Driving in London just for fun is as sensible as rollerblading on the autobahn. Enlisting a young fresh-off-the-boat Yank to indulge in such folly should be a felony. Yet there I was, strapped behind a steering wheel located where the glove box should be, with a carload of norteamericanos who had entrusted me with their sightseeing and their lives. As an avid reader of British car magazines who watched BBC documentaries on PBS, I convinced myself that I possessed the knowledge required for such an undertaking. I'd already shown courage under fire, surviving several days as a pedestrian on these streets without being hit, not even once. All we needed now was more petrol, and a bank loan to pay for it.
The driving truths Americans hold to be self-evident are nowhere to be found in the Land of Hope and Glory. English traffic engineers appear blissfully unaware of grid systems and four-way stops. Using street names to navigate can only lead to despair. Someone saw fit to bolt all those placards to the sides of buildings, out of eyeshot where they wouldn’t spoil the view.
You couldn’t design a street plan like this without a hangover and a sense of humor. That centuries-old monument dedicated to King Somebodyoranother commands your immediate attention. As luck would have it, it’s in the middle of the road, and we’re heading straight for it. This marble relic has no patience for ambiguity. Choose sides. Left or right. NOW. No wonder we’ve been driving only ten minutes, and we’re already lost.
No matter. Losing your bearings doesn’t get much better than this. Stateside rental cars of that era were often shaped like soap bars and didn’t smell nearly as good. But in Old Blighty, even a mundane family saloon like this Ford Sierra could connect with your inner Schumacher.
For a kid raised on Tempos and Festivas, this shade of blue oval was nothing short of a revelation. The 1.6-liter mill wound out in ways that would have left many a bulkier Detroit four-banger for dead. The dash displayed Teutonic earnestness, controls placed where they should be. The shifter was nimble, albeit a bit awkward to an unfamiliar left hand. (Slam your customary shifting hand against the car door enough times, and you figure things out eventually.) While the passengers gawked at old buildings, my heel and toe enjoyed a workout on the roundabouts. This $4 gas was worth every pence.
Urban architecture gave way to suburbia, then to rolling verdant countryside as we barreled southward through Surrey toward West Sussex. The tourist office was kind enough to quarantine the English rain, replacing it with a glorious, warm sun. We’re not in Kansas anymore, and they’ve got the blacktop to prove it: tidy, properly paved tarmac, an invitation to dance. A Crown Vic would have been left flummoxed, but the Sierra remains composed, a willing partner for sharing this music.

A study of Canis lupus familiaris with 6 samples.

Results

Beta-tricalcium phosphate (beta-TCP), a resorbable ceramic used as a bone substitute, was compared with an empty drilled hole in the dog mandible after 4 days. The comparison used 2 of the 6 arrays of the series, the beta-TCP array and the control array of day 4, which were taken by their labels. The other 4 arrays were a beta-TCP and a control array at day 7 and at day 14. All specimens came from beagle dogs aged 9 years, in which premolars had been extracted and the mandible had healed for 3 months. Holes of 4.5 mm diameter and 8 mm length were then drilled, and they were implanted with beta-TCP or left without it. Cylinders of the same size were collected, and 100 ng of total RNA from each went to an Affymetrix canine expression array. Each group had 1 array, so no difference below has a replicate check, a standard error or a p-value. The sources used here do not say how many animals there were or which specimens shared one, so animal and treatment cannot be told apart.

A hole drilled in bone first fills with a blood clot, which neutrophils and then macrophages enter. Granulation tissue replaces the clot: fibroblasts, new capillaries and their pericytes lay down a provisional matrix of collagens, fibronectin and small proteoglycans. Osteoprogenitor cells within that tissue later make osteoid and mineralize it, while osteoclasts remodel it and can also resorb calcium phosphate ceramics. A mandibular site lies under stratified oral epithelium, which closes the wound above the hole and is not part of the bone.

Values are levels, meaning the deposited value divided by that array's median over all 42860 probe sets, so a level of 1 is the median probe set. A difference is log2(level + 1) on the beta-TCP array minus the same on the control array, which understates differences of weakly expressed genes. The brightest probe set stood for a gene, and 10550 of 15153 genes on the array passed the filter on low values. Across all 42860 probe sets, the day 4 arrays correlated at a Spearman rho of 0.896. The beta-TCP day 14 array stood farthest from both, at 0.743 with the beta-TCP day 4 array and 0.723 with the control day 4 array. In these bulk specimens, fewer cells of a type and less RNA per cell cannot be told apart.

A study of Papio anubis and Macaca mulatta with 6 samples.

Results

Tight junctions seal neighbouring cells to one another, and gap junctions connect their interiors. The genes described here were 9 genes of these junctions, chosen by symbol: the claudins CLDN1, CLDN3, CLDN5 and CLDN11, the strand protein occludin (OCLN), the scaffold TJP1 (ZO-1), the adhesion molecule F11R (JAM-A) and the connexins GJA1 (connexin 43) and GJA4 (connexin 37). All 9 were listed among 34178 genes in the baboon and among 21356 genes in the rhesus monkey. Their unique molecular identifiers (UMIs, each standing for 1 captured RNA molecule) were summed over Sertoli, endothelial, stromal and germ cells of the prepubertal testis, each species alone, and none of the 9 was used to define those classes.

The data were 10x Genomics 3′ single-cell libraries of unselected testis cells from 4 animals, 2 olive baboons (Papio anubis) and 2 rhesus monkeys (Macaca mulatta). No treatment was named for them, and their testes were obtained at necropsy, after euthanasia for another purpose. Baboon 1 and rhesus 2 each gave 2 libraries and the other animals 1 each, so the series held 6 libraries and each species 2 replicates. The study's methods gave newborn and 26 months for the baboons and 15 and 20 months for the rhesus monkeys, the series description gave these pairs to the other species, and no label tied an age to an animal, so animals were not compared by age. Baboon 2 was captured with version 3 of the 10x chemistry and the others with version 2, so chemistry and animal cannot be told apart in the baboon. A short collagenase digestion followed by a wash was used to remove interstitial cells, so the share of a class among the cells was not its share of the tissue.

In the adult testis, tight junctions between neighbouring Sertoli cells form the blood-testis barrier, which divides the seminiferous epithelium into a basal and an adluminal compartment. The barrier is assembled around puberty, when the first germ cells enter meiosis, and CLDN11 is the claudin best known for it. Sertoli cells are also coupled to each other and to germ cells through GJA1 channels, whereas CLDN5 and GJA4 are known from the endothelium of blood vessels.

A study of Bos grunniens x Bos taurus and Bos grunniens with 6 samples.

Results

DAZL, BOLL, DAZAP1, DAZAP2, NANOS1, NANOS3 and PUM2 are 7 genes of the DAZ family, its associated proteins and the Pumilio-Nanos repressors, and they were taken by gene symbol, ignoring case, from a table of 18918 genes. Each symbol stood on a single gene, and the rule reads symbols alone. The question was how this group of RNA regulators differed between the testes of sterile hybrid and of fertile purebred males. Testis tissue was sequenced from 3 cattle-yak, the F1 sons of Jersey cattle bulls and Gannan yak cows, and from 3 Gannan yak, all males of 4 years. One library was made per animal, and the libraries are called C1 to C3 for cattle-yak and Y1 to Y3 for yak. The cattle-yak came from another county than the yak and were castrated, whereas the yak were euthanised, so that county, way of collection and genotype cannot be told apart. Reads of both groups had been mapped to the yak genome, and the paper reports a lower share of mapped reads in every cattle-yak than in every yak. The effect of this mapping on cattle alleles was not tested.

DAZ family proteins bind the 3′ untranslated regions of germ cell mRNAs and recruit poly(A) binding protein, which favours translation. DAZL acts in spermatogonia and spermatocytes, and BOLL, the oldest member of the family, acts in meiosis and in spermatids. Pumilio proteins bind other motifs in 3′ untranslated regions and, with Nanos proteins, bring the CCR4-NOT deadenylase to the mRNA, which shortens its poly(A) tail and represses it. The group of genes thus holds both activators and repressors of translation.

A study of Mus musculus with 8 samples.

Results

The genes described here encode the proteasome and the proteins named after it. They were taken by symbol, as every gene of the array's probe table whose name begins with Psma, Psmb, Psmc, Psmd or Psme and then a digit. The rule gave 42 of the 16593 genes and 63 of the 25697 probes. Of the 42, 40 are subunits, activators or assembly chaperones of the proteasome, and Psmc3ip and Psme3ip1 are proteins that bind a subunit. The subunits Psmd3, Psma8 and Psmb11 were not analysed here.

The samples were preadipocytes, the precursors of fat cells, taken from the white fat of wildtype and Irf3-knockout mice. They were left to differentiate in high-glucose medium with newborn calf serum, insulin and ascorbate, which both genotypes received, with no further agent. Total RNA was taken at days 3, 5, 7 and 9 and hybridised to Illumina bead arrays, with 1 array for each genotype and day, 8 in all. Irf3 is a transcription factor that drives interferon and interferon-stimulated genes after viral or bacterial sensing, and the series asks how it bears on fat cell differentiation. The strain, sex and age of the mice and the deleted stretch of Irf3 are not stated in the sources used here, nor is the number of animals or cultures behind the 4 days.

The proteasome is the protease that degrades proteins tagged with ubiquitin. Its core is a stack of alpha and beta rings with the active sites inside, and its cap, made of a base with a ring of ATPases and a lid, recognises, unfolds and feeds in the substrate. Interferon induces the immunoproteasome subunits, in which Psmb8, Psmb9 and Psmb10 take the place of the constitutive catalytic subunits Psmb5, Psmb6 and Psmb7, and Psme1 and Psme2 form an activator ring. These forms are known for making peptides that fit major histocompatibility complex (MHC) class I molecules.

We happen upon Arundel, a village known for a well-preserved castle doing double-duty as a tourist trap attraction and family home. (Note to self: Life in a drafty old house with a cover charge is overrated.) At the local café, my order of breakfast tea at 2PM was scandalous enough to unravel decades of Anglo-American diplomacy. At least we still had the car.
Back on the highway, I acquired a newfound appreciation for yellow paint. In the New World, we use it to separate opposing traffic from unplanned encounters. The Brits, however, reserve this shade to demarcate their omnipresent parking restrictions, preferring white striping for virtually everything else. Seemed like a harmless cultural difference, until a large lorry began playing chicken with us in what I could have sworn was my passing lane. With the aid of divine intervention, I hastily found fourth gear, redline and a slot on the left, barely avoiding a nasty rendezvous. One life down, eight to go.
Thankfully, the motorway spared us from further overtaking trauma. The limit was allegedly 70 mph, yet the natives took no notice. The speediest traffic easily surpassed the century mark, as slower members of the species respectfully dived out of the way. I had stumbled upon an exotic land where turn signals, courtesy and lane discipline were ways of life. As the lights of London loomed ahead on the M4, I prayed that I could be granted citizenship and a parking space.
But alas, that England is one for the history books. The new Cool Britannia is choking on the gristle of speed cameras, more speed cameras, congestion charges and $8 diesel. At this rate, it’s a matter of time before the Brits will have to pay just to think about driving.
Living in the past is looking like a better bet. It’s much faster there, and I can almost afford it.